Critics’ Picks

Josiah McElheny, Blue Italian Modernism and Yellow Czech Modernism, 2010, hand-blown glass objects with flashed color, extruded colored glass filters, LED electric lighting, painted wooden display structure, 65 x 21 x 18 3/4".

Josiah McElheny, Blue Italian Modernism and Yellow Czech Modernism, 2010, hand-blown glass objects with flashed color, extruded colored glass filters, LED electric lighting, painted wooden display structure, 65 x 21 x 18 3/4".

Chicago

Josiah McElheny

Donald Young Gallery
224 S Michigan Ave Suite 266
November 13, 2010–January 28, 2011

The history of modernism is given a healthy reappraisal whenever the work of Josiah McElheny is discussed, inviting the question from the uninitiated viewer: Which modernism? Sociologist Bruno Latour has argued that, in fact, “modernity has never begun,” and this is a sentiment with which McElheny’s recent project shares a degree of sympathy, in that the artist’s reinvestigation of the history of twentieth-century architecture and design reveals the potential of fallow schools of modernism. His current exhibition, titled “Crystalline Modernism,” gains particular resonance since it is sited in the middle of Chicago, a city that itself stands as something of a museum to the modernism of Mies van der Rohe. If McElheny’s previous works such as Landscape Model for Total Reflective Abstraction (I), 2004, and Adolf Loos’ Ornament and Crime, 2002, suggested the dark side of infinite visibility and homogeneity, then his latest effort mines a vein of modernism that was not invested in the grid and purity, but rather offered a vision of plurality and varied geometry.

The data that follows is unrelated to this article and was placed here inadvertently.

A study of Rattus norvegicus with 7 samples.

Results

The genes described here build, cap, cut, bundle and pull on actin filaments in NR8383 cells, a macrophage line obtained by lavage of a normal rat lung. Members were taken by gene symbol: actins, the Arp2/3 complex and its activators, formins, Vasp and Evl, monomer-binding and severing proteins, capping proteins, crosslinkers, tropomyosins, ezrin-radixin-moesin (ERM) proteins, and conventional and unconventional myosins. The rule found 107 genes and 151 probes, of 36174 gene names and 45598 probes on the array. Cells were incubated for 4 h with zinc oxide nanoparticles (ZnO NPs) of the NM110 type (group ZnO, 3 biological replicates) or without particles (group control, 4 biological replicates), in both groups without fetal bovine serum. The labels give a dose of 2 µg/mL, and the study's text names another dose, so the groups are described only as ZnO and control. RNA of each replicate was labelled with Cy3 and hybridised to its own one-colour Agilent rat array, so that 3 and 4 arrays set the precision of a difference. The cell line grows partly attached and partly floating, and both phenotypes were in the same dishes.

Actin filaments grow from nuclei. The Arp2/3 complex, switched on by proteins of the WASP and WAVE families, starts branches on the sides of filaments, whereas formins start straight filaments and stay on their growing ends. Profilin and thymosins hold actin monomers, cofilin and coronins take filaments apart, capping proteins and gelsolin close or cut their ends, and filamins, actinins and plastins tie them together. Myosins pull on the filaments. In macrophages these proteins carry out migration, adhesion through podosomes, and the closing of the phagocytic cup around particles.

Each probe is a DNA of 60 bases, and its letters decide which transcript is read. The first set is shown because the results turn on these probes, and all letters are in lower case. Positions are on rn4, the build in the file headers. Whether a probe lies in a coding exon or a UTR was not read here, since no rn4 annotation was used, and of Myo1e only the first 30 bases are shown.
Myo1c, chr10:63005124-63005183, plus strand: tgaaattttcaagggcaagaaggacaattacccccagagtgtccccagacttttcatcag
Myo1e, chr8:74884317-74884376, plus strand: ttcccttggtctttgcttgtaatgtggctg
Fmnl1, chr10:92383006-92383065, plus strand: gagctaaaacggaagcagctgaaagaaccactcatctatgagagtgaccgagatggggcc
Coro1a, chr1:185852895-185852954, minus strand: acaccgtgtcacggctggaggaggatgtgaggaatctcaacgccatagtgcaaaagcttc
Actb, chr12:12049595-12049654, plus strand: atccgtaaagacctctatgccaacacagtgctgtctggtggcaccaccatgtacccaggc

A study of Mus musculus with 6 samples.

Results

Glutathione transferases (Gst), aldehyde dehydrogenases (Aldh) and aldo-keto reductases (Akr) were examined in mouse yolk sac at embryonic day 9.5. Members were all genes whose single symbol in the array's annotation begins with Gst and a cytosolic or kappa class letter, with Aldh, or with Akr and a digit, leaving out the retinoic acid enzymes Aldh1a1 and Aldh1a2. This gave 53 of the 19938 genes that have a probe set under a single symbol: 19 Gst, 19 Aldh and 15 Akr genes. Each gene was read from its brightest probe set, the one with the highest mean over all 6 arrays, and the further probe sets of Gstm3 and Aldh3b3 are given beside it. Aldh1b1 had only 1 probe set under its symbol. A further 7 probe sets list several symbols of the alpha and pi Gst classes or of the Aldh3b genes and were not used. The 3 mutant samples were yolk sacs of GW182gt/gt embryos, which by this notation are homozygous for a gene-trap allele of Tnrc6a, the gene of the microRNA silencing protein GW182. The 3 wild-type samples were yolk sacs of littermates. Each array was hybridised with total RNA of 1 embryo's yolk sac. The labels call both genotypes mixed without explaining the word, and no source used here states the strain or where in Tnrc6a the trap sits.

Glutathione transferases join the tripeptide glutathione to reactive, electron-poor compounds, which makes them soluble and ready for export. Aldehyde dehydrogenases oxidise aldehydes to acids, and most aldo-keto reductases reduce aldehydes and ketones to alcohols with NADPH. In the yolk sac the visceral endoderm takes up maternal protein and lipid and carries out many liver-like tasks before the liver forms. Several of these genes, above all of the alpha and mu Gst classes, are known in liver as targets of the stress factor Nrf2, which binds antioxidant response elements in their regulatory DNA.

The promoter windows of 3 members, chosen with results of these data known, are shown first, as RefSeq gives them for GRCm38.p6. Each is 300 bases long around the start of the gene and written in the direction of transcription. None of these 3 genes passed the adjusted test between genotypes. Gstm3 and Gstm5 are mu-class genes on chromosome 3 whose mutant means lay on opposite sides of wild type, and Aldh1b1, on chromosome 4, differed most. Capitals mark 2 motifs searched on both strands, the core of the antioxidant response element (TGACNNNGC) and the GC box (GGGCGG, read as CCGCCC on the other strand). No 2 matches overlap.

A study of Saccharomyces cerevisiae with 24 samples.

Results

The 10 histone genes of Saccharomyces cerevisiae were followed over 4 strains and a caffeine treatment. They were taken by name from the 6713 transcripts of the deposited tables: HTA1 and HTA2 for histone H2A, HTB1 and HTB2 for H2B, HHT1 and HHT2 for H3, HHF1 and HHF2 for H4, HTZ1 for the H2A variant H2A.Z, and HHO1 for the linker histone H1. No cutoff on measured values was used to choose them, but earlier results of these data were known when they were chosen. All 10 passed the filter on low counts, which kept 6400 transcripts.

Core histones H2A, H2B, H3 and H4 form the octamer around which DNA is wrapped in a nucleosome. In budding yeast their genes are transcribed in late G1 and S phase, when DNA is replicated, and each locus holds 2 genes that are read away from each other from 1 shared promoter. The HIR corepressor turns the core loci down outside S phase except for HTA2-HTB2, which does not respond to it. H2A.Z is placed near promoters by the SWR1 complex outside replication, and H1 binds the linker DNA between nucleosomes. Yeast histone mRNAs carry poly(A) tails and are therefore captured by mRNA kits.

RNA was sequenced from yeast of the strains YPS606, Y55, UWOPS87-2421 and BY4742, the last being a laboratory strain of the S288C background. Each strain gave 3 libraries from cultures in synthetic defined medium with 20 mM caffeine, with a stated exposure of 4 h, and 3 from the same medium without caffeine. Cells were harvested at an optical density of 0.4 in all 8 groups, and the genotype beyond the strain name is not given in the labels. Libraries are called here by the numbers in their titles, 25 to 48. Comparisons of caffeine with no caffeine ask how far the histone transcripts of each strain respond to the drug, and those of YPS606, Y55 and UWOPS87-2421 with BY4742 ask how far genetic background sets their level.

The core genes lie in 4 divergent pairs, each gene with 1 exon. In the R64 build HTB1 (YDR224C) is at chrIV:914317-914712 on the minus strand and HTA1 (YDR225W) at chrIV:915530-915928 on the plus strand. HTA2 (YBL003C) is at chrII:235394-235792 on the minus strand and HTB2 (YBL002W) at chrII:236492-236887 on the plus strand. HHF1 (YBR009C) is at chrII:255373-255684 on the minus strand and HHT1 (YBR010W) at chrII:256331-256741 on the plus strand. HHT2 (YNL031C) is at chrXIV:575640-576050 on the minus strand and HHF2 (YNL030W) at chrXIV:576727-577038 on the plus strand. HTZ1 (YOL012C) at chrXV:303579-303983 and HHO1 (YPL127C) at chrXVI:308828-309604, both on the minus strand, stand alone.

The freestanding sculpture Crystalline Landscape after Hablik and Luckhardt I, 2010, uses mirrored glass to envisage a world where this alternative modernism has proliferated ad infinitum. Overall, color sets the tenor of the exhibition, especially in the wall-mounted light-box sculptures that cause the glass objects housed within to seemingly flicker in and out of existence. The intensely saturated primary colors of the light boxes point to lesser-known facets of modernism such as Czech glass design, whose adherents found glass to be an ideal medium for exploring abstraction without arousing the suspicions of the cold war–era censors; these artists thus managed to undertake aesthetic experiments that were otherwise impossible under the country’s Communist regime. In McElheny’s artist’s book The Light Club, 2010, there is a passage by critic George Hecht describing the work of Paul Scheerbart (one of McElheny’s interlocutors) as requiring “the art of slow reading.” “Crystalline Modernism” may not require slow reading, but visitors who take the time to observe this work closely will be generously rewarded.